Why Race Matters in Florida Murder
It is customary in the wake of a major racial eruption to say that we Americans need to have a national conversation on race. Yet the fury surrounding the death of Florida teen Trayvon Martin shows why it is so hard for us to hold that conversation.
The shooting of the unarmed 17-year-old has sparked nationwide protests and reignited chatter all the way to the White House about racial profiling, gun laws, hate crime laws and even the risks of wearing a hoodie sweatshirt, especially if you're a young black male outside after dark.
Among the few undisputed facts are these: Trayvon Martin was fatally shot on the night of Feb. 26 by George Zimmerman, 28, a neighborhood watch volunteer, who thought the black youth, walking through his gated community, looked "real suspicious." The teen turned out to be carrying nothing more sinister than a package of Skittles and a can of iced tea.
In the account Zimmerman gave police that night, which was later leaked to the Orlando Sentinel, he said that Trayvon had punched him and then repeatedly slammed his head into the sidewalk after they exchanged words in the moments before the shooting. Zimmerman's lawyer says his client was treated by paramedics at the scene for a broken nose and other injuries.
Police released Zimmerman, after he claimed he shot Trayvon in self-defense. The state's controversial "Stand Your Ground" law allows individuals to use deadly force against another person if they believe their safety or life is in danger. But in the released 911 calls, Zimmerman is heard deciding, against a dispatcher's advice, to follow Trayvon, whom he suspected was "up to no good." Sponsors of the controversial law say such pursuit would invalidate Zimmerman's "Stand Your Ground" defense.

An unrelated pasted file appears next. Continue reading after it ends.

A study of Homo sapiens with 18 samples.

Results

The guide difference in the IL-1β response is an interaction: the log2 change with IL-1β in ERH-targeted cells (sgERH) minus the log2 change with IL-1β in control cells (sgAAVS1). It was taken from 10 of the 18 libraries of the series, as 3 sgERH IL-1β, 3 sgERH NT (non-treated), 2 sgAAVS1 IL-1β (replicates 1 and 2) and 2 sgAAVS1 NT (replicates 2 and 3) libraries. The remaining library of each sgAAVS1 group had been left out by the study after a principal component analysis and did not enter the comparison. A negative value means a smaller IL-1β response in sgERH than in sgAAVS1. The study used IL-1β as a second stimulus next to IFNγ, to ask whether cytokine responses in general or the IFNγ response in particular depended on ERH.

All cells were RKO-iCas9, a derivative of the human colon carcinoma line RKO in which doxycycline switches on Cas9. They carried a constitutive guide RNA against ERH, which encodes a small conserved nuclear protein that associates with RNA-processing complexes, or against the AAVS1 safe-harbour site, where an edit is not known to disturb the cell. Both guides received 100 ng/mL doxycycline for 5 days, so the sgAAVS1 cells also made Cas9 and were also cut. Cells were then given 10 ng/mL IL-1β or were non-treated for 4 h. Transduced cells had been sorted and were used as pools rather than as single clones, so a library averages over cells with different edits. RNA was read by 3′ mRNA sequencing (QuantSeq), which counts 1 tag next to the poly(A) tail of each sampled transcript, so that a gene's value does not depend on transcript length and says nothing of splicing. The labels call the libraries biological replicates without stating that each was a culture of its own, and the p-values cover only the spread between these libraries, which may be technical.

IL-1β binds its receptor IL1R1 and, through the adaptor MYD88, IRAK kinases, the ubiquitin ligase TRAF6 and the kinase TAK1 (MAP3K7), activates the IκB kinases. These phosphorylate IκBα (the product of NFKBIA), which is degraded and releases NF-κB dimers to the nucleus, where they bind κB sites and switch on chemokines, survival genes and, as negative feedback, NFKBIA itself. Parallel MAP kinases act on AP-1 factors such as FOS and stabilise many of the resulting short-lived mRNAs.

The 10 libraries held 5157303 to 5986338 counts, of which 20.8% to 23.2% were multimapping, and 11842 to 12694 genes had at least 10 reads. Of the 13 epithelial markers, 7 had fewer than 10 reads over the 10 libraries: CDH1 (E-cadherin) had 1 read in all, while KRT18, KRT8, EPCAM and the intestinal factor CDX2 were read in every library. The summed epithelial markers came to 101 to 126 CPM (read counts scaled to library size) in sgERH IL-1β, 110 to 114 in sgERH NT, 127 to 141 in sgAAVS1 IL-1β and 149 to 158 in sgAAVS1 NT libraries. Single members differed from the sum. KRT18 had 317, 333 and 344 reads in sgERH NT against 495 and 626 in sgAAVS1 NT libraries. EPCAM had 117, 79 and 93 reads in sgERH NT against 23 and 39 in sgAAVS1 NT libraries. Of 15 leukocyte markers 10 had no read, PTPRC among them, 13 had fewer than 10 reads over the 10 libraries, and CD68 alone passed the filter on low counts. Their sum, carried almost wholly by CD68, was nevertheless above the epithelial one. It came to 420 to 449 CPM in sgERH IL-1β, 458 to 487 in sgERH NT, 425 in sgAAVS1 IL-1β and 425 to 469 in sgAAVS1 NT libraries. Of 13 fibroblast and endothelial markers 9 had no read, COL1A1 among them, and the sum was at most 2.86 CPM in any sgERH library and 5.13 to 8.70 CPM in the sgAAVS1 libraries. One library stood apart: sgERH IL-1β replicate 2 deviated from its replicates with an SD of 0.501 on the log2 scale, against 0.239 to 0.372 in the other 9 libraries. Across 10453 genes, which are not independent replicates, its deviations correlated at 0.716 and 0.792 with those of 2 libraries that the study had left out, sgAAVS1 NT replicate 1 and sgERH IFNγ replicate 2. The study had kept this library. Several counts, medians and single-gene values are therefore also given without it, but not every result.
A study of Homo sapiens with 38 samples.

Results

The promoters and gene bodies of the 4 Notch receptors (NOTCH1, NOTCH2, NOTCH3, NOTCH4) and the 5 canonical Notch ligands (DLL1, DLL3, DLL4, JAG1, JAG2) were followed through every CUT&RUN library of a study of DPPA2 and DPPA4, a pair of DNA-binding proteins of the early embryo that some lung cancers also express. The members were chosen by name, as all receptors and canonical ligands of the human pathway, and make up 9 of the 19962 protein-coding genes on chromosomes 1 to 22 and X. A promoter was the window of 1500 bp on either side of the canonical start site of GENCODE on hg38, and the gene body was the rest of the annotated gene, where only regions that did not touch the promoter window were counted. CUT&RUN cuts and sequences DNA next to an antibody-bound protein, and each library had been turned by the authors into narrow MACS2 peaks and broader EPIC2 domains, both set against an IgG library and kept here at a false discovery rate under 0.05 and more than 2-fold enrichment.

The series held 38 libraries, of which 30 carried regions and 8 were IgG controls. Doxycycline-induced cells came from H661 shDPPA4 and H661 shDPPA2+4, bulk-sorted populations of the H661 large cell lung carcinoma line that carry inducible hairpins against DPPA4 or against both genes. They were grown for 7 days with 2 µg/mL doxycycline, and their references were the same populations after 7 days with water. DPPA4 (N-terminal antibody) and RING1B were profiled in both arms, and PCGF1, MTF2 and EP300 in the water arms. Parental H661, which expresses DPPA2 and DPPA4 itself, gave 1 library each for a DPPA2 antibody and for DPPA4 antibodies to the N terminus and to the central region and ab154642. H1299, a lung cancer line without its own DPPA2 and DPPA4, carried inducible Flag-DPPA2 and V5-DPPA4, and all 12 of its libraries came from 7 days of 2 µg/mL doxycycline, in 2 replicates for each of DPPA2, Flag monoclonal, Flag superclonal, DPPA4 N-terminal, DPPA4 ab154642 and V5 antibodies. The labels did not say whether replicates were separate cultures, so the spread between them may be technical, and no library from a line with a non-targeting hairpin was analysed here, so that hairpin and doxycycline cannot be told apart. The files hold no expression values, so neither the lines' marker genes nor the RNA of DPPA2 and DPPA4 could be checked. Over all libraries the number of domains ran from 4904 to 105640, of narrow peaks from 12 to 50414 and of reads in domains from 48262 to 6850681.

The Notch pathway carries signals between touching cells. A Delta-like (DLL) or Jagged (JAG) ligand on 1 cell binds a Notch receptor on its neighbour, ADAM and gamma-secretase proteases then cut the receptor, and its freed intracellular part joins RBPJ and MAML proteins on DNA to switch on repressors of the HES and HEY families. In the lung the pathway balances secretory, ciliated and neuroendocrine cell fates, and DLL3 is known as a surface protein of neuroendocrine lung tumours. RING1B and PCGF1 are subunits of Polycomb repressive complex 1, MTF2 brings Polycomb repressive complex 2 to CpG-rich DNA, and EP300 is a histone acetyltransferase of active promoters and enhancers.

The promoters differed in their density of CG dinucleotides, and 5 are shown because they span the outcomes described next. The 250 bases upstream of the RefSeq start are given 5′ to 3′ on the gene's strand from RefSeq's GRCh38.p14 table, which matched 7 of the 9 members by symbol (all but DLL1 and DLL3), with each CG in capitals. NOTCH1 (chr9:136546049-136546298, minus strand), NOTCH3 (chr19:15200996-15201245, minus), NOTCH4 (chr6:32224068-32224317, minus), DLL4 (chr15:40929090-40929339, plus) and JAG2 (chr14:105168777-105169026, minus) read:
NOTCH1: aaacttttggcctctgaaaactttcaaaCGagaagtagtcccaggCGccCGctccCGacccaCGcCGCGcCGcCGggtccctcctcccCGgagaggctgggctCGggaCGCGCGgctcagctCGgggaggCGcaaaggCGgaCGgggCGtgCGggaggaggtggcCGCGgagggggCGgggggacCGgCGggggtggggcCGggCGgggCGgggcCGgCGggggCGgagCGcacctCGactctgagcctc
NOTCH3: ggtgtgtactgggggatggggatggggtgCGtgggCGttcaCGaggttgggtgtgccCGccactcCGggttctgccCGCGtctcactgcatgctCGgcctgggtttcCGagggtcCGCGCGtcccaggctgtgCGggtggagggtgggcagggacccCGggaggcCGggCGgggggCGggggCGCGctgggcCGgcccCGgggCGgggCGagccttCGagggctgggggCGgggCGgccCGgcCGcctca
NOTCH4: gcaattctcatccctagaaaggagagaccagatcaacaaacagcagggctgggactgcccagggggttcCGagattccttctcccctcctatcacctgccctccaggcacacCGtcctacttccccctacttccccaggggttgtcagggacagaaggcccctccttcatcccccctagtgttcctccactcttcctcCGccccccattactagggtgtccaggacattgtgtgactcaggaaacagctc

Also, Trayvon's girlfriend says he talked to her on his cell phone just before his death. She says she heard an exchange of words between the two men and heard the youth get pushed to the ground.
Was Trayvon the one who was standing his ground? We have a judicial system to resolve disputes like this. A grand jury is scheduled to hear evidence on April 10. The FBI also is investigating to determine whether Trayvon's civil rights may have been violated,
We hear hints of Zimmerman's defense in his family and friends who have talked to reporters. In a letter to the Sentinel, his father, Robert Zimmerman, described his son as a nonracist child of a white father, a Hispanic mother and a multiracial family that included some black relatives. That doesn't mean he couldn't be racist, although it helps his case. If the alleged racial slur that many hear in an audio clip from his 911 call is introduced as evidence against him, he'll need all the help he can get.
All of which raises a larger question in this tragedy: How do you define "racist?" To some people, you have to be a cross-burning, hood-wearing Klansman to qualify. To others, any attempt to inject racial concerns into the public square is evidence of racism, judging by some of the mail I receive.
Conservatives in particular complain that they can't be candid about race with blacks or our white liberal allies without being guilt-tripped or accused of racism. I respect their complaint. We've all been invited to a "conversation" that turned into a one-way lecture. To avoid the guilt game, both sides have to relinquish some of their innocence. That's not easy, especially when each side sees injustice in the other.
Ironically, the election of the nation's first black or, if you prefer, biracial president has made it more difficult to talk about race. Newt Gingrich, among some other conservative commentators, even objected to President Barack Obama's mild acknowledgement of how the Florida case resonated with him personally. "If I had a son, he would look like Trayvon," the president said. How can we deal with racism if we are so skittish about recognizing that race exists?
E-mail Clarence Page at cpage(at)tribune.com.(c) 2012 CLARENCE PAGE DISTRIBUTED BY TRIBUNE MEDIA SERVICES, INC.